Feeding Tube Awareness Week illustration womans holds young girl using feeding tube

6% of those surveyed – equivalent to 4 million people if representative of the whole UK population – think that tube feeding is when someone is forced to eat because they refuse to themselves. Many more assume tube feeding is the result of a terminal illness, breathing problems or catching COVID-19.

Interestingly, over a quarter (27%) of Brits think a person who is tube fed can’t eat in public. Other perceived limitations of tube feeding include not being able to drive (19%), not being able to work (16%) and not being able to take part in physical activity (9%).

When it comes to tube feeding specifics, over one in twenty (6%) believe there is only one way to tube feed, and one in five (21%) claim tube fed individuals can have only ready-made tube feed. 

The research was commissioned by Talking Tube Feeding, a website that exists to support those tube fed by empowering choice and driving awareness. Talking Tube Feeding is a Nestlé Health Science initiative, created with healthcare professionals and tube feeding families.

A Talking Tube Feeding spokesperson, Annina Whipp (Specialist Paediatric Dietitian), said: “The research highlights some surprising findings towards the general public’s awareness and preconception on the practicalities and indications of tube feeding. We hope by gathering the research we can help educate the public on the various routes and methods of tube feeding and emphasise that tube feeding does not have to negatively impact a person’s quality of life. With evidence-based guidance and support from healthcare professionals, alongside valuable resources, including the Talking Tube Feeding website, individuals requiring tube feeding can thrive.”

Despite our preconceptions about tube feeding, nearly two in five (38%) people say they know someone who has been tube fed.

Tube feeding, the process of supplying nutrients to people who are unable to eat or drink orally via a tube through the nose or directly into the stomach, supports on average 40,000 adults and children in the UK .

The research, which marks Feeding Tube Awareness Week (6-10th February 2023), also found demand for a greater understanding of tube feeding, as nearly a quarter of people (24%) say they’d like to ask someone why they are tube fed.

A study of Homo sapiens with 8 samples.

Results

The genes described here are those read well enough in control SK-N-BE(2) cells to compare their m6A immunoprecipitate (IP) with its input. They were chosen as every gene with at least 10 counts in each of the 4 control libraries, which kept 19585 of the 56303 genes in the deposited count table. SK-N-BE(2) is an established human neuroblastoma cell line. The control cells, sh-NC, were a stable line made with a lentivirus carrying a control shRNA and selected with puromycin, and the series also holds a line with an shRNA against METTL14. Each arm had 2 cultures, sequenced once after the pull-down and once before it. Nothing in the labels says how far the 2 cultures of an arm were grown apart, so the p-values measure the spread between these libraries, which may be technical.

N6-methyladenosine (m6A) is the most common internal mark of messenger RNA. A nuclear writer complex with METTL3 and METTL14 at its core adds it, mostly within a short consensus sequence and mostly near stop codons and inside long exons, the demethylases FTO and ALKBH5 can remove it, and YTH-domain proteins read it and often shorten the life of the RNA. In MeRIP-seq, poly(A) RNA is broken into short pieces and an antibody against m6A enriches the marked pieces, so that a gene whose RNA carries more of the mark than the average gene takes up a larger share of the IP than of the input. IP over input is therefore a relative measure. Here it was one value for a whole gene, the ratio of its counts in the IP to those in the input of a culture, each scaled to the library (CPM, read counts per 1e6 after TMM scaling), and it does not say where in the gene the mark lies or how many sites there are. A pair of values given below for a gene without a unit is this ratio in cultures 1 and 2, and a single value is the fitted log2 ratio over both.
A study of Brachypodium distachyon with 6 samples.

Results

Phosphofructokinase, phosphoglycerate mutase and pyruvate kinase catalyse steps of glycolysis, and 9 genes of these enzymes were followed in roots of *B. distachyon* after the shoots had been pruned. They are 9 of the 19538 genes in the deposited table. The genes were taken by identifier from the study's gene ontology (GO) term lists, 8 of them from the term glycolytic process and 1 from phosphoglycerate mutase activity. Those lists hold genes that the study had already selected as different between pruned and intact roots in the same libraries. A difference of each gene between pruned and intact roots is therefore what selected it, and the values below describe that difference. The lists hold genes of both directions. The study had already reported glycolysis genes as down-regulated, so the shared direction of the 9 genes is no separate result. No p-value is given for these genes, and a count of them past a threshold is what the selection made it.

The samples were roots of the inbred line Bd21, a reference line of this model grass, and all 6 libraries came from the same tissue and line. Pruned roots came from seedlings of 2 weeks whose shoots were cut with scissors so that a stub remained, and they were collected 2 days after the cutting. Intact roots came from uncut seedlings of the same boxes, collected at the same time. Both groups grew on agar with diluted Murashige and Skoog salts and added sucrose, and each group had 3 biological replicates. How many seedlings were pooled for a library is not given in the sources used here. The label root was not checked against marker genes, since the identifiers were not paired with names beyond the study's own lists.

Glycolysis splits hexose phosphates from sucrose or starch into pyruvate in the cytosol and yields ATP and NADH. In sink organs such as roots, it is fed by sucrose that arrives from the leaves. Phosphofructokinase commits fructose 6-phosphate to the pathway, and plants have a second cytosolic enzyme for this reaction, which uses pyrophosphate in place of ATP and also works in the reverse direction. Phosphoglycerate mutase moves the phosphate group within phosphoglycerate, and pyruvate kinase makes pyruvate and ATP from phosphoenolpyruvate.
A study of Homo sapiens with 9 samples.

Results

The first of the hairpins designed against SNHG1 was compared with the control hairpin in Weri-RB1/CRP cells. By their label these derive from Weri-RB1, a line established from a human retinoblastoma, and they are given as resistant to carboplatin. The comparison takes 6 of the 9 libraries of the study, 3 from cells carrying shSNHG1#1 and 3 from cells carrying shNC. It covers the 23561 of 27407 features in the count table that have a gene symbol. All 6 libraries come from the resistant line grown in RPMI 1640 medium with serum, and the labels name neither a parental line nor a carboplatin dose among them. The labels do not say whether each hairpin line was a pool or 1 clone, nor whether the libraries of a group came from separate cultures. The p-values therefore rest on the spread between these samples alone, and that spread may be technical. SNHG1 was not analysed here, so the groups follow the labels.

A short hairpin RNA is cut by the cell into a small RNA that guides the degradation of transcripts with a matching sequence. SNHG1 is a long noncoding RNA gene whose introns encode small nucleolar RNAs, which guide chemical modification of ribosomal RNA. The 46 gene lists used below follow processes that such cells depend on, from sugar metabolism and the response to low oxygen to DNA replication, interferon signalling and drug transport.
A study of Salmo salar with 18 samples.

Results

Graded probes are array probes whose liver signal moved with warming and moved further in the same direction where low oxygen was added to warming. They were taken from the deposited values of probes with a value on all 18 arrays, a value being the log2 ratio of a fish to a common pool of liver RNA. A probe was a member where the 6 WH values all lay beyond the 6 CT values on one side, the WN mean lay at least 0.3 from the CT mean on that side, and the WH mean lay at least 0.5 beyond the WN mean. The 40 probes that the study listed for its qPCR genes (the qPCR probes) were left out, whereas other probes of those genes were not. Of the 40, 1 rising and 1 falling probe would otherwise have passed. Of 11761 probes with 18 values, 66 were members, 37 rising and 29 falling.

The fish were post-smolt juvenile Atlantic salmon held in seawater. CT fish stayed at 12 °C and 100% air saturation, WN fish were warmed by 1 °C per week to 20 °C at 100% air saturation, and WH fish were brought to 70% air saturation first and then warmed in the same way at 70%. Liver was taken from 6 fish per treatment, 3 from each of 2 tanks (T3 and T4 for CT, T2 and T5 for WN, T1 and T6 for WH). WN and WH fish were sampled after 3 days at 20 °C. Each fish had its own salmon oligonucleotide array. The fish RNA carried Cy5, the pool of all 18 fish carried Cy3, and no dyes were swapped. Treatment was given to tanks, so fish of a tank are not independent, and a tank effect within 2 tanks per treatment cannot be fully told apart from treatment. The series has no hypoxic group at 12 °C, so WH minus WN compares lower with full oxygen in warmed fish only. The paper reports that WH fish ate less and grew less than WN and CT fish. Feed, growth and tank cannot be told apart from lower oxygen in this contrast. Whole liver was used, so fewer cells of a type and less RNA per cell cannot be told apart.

Practically, 28% would like to ask a tube feeder if there is anything they need to be aware of when around someone who tube feeds, or on a more emotional level, if tube feeding has affected their self-confidence (12%).

Yet knowing how to broach these conversations is key, as 13% would like to ask someone who tube feeds questions about tube feeding but wouldn’t feel comfortable doing so. 

If stood in the shoes of someone who tube feeds, 51% expect the effect on their self-esteem would be the worst thing about tube feeding. Other concerns include how people would look at them (43%) and the effect it would have on how they enjoy food (47%).

Faye Bingham, a 26-year-old tube feeder from Kidderminster, said: “Having a feeding tube can affect your self-esteem; it did for me until I learnt to love mine – after all, it keeps me alive and increases my quality of life. This was the main reason I set up a small business making adapted feeding tube accessories, so that I can show off my style and personality in my medical device. It takes time to set up my feed, ensuring I have adequate nutrition and keep hydrated, so having an adapted backpack for on-the-go is amazing. 
“As humans, we are naturally curious when something appears ‘out of the norm’. I love it when people politely ask questions about my tube rather than giving awkward stares or quick glances. Even if I can’t join in with eating and drinking, I like to be invited to social events that may revolve around food. It’s not awkward for me, and having a feeding tube doesn’t affect my and other tube feeders’ ability to take part. My feeding tube has allowed me to stay fit and healthy, without the constant need for hospital input. This means I can contribute to society, join in with friends and have enough energy to do exciting things like holidays, day trips and sport. My feeding tube is not a negative; it has changed my life for the better."

Despite our assumptions, 29% of adults deem tube feeders to be brave and 28% would make a conscious effort to involve a tube fed person if in a social group. 

A further 9% have faith in society as being kind and considerate of those who tube feed, and 17% even believe there is no stigma attached to tube feeding.

 1. Survey carried out by Talking Tube Feeding (a Nestlé Health Science initiative), January 2023, surveying 2,000 UK adults
 2. British Association of Parenteral and Enteral Nutrition, “Report on UK enteral nutrition and oral nutrition supplement supply”, PENG and BANS report on behalf of BAPEN, August 2022.